Farmers are not adequately prepared for the 2018/19 agricultural season, amid indications that most of them are struggling to get necessary inputs such as fertiliser, Standardbusiness can reveal.
The farming season, starts anytime from now, but indications on the ground show that farmers are still not prepared, a situation that will most likely affect output.
Commercial Farmers' Union president Ben Purcell Gilpin said most farmers were struggling to get adequate inputs due to price instability.
"It's difficult to say how prepared people are. The cost of everything is getting very high, the spares and things like that," he said.
"Most people are demanding hard currency for that and not everybody is an exporter. There are a lot of issues in that regard and it's really a challenge."
Gilpin said farmers would have to weigh the risks of planting this season.
He said farmers should ask themselves whether they were going to get adequate returns for the crops that they would produce at the end of the season.
"So these are the issues that they need to weigh before they commit themselves," Gilpin said.
"We also got concerns of El Nino coming. The El Nino doesn't necessarily mean we will be having a drought, but it does increase the possibilities that there will be challenges mid-season with drought and things like that."
Zimbabwe is facing another climate change-induced drought since the 2015-2016 season amid revelations by government recently that the 2018-19 rainfall season was pointing to an El Nino effect.
El Nino is the warming of ocean currents off the South American coast around December and causes below normal rain patterns and above normal temperatures in specific areas around the world.
The phenomenon, when it comes to southern Africa, often hits hard by bringing drought or flooding as it normally results in either too little rainfall leading to drought or too much of it, hence famine.
"So I think it's a high-risk environment for people to be getting into the season and I think most will be reviewing the budget with the contractors and the contractors will be looking at things and saying 'yes we can back you, we can't back you'.
"Input supplies are problematic for many things across the board," Gilpin said.
"So people are struggling with that.
"I think that just the mere difficulties of getting the necessary inputs, the difficulties on coping with the rising costs -- it's kind of making this a difficult season."
Gilpin said chemicals were available but were being sold in hard currency.
"With farming you need to be on time with your production and the rains haven't started yet, but we are looking to a delayed start for most farmers for this season," he said.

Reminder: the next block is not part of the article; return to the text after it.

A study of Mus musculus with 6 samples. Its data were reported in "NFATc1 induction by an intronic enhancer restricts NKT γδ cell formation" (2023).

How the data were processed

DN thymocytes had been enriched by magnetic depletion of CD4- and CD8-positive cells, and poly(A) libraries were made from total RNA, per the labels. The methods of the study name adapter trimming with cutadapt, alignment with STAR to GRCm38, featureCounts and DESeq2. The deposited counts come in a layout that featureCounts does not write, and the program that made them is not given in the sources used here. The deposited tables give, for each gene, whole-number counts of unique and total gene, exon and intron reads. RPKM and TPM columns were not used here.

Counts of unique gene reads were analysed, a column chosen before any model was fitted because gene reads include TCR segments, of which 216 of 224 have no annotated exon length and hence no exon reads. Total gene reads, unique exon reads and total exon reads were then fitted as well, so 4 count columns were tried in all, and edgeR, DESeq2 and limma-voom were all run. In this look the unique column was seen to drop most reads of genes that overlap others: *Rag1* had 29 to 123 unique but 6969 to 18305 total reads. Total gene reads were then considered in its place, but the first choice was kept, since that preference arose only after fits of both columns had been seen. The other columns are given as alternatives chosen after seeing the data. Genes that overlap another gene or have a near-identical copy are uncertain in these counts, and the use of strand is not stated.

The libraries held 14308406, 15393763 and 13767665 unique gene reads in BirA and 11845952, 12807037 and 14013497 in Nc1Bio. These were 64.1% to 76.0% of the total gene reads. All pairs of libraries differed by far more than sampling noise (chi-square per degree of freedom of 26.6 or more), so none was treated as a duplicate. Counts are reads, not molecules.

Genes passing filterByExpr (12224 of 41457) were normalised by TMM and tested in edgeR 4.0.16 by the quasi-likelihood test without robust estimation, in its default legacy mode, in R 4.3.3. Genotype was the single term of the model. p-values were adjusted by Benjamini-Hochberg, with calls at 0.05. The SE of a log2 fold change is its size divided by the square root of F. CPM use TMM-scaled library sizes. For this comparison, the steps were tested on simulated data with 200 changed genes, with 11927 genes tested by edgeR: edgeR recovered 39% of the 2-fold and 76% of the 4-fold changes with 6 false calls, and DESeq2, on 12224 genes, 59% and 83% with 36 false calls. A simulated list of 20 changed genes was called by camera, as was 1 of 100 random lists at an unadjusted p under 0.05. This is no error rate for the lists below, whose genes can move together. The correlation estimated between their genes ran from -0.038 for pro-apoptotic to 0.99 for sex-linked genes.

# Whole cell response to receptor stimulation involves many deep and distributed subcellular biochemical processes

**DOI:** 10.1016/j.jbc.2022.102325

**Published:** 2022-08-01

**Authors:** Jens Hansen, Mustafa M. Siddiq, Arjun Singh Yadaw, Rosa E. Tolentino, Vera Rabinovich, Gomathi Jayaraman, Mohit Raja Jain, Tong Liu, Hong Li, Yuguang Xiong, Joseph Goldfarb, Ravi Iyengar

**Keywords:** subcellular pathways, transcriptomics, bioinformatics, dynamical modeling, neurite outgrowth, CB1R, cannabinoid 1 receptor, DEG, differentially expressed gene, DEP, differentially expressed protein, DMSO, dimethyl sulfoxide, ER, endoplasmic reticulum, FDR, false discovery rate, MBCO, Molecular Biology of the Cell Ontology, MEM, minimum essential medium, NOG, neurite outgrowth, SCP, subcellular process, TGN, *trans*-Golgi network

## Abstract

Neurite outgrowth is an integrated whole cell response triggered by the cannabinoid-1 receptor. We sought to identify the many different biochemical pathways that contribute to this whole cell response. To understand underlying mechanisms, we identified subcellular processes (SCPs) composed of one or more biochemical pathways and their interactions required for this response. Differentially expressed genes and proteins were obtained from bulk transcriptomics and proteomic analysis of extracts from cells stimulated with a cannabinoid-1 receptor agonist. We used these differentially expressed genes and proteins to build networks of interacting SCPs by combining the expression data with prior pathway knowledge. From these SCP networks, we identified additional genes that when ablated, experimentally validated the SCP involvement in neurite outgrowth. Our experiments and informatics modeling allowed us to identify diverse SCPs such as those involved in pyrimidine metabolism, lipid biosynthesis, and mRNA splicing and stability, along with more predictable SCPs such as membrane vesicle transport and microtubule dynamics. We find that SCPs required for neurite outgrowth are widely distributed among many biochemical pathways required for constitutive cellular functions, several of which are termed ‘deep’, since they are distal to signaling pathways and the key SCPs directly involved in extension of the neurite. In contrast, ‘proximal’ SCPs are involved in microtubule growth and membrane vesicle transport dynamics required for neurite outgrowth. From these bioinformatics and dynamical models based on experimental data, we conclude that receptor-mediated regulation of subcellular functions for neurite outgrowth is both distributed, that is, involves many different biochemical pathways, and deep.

"I think for the tobacco sector it's better catered for because much of the inputs were secured long back and planting has started.
"So I think it will be more of an impact on the ready crop. There is great uncertainty, but I think that's what farmers are used to.
"Usually they have to deal with hassles on the ground. At the moment, they haven't dealt with finances and things like that which are more challenging than usual."
Zimbabwe Commercial Farmers' Union president Wonder Chabikwa said there was lot of instability on the market whereby prices of inputs kept going up on a daily basis.
"Right now, farmers don't know how much they are going to pay for fertiliser," he said.
"There is a supply disturbance, especially on the prices of fertilisers.
"Also horticulture seeds are being sold in US dollars and that is putting us in a tight position. It disturbs everything.
"Mentally, farmers are fully prepared for this season. They have budgeted for it, but implementation is being disturbed by distortions and instability in the market."
Recently, Sable Chemicals marketing manager Philip Mathemera revealed that given the foreign currency shortages, the company would only be able to produce about 38% of the ammonia nitrate (AN) fertiliser required by the country.
While addressing the Confederation of Zimbabwe Industries annual congress held in Bulawayo recently, Zimbabwe Seed Trade Association president Denias Zaranyika assured farmers that they had enough seed stock for the 2018-19 farming season.
"So to be very specific, in the early maturity variety the total seed that we have, that is maize, we do have 50% of the total seed in the early maturing variety, which kind of suits the environment that we are talking about," he said.
"Again in the medium maturity variety we have got 43% in that category.
"So if we add the 43% to 50%, you already have 93% which farmers can use comfortably even under those drought situations, depending on the severity of the season."